Friday, September 20, 2013


A couple of weeks ago, my husband and I got together with a friend of mine, and over two Friday evenings we watched Sword Art Online in its entirety.

Initially I expected SAO to be another anime along the lines of .Hack//Sign, and the first episode did start out that way. SAO is a virtual reality, fantasy setting mmo game that uses entirely sword combat techniques--no magic. I also initially thought: "How dull. I always hate it when they take magic out of worlds."

I was wrong on both accounts. By the end of the first episode, SAO distinguishes itself from .Hack//Sign. The central conflict is created when the game's creator teleports everyone to the starting town to inform them that he rigged the game so no one can log out. If they are forcibly disconnected from the game, the virtual reality equipment will emit a microwave frequency that will fry the brain; they die. If they die in game, the microwave thing happens; they die. There is a way out of the game: they have to fight their way through all 100 floors or levels of the game and defeat the final boss. Then everyone will be released. By the end of the first episode, I was thinking: "This is going to be just like Inu-Yasha or some other series where each episode will be the same basic thing--get through the current level, fight and defeat the boss (or on the rare occasion there might be a 2 episode sequence to break things up), and it will last a hundred episodes."

Thankfully, I was wrong there too. The narrative focuses more on character development and the game actually becomes more of a background. The story jumps levels, days, and months at a time. I appreciated this. SAO became more about observing how people changed and interacted with each other especially as time passed and real world memories lessened and game experiences became a way of life. The lack of magic, for me, was just fine. They had a wide range of "techniques" and "powers" that kept combat interesting, as well as tactics, skills and other game elements to keep things exciting. I really enjoyed this part of SAO. The first half was very well done, and I would highly recommend it.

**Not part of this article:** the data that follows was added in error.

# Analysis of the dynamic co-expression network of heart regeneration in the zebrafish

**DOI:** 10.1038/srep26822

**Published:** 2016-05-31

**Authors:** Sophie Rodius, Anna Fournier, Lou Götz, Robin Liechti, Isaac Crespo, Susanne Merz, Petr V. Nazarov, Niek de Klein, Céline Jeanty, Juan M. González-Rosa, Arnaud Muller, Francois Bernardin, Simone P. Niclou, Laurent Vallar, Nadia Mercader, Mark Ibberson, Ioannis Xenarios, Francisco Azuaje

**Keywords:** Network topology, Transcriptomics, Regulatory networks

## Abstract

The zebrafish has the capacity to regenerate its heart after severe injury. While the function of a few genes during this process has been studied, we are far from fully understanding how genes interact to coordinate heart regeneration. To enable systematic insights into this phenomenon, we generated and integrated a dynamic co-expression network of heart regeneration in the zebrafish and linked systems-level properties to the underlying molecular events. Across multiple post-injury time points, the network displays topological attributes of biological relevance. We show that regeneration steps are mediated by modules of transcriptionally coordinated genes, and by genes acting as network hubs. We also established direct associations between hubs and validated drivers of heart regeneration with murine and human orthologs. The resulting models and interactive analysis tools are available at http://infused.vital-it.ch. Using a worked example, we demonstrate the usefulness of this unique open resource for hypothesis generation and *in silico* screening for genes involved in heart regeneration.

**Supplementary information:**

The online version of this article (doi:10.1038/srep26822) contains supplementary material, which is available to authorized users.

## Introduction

The second half of SAO was incredibly disappointing. It became a totally different anime where the only connection was a virtual reality mmo game and the same characters. It moved from moderately-child friendly to only a few steps shy of outright hentai (including a scene that stops just short of tentacle rape). There are still some good story elements from this second half, but overall, I felt it did not hold up to the standard the first half set up. The narrative was weaker. We'd spend long periods just looking at the main male character's sister sitting in her underwear. Why? I have no idea. It served very little purpose to the story. I honestly felt the additional mature elements did not add anything to the series. I think it also bothered me because I had not expected the series to go this route. I do not like watching hentai. I avoid it whenever possible. We had previewed the first several episodes of the series and it seemed "safe". We preview anime before sitting down to consume an entire series primarily because anime can contain such adult material, and we usually try to get a feel for what a series will be like so we can say whether our kids can watch it or not. Initially SAO was okay. It was a little awkward when a little over half way through we had to stop the show and ask the kids to take themselves upstairs and find something else to do. We'd tell them how the story ended, but they did not need to be watching it. That was very disappointing to them.

My conclusion. The first half of SAO is great. The second half, not so much. I still really enjoyed the first part enough that my husband and I are planning on cosplaying Kirito and Asuna (the two main characters for most of SAO). I really liked a lot of the costume and character design. I liked how they handled the action and combat. I think the only thing I didn't like was the adult elements that appeared in the second half--it always stopped just short of really showing anything, but I think they still took things a little too far.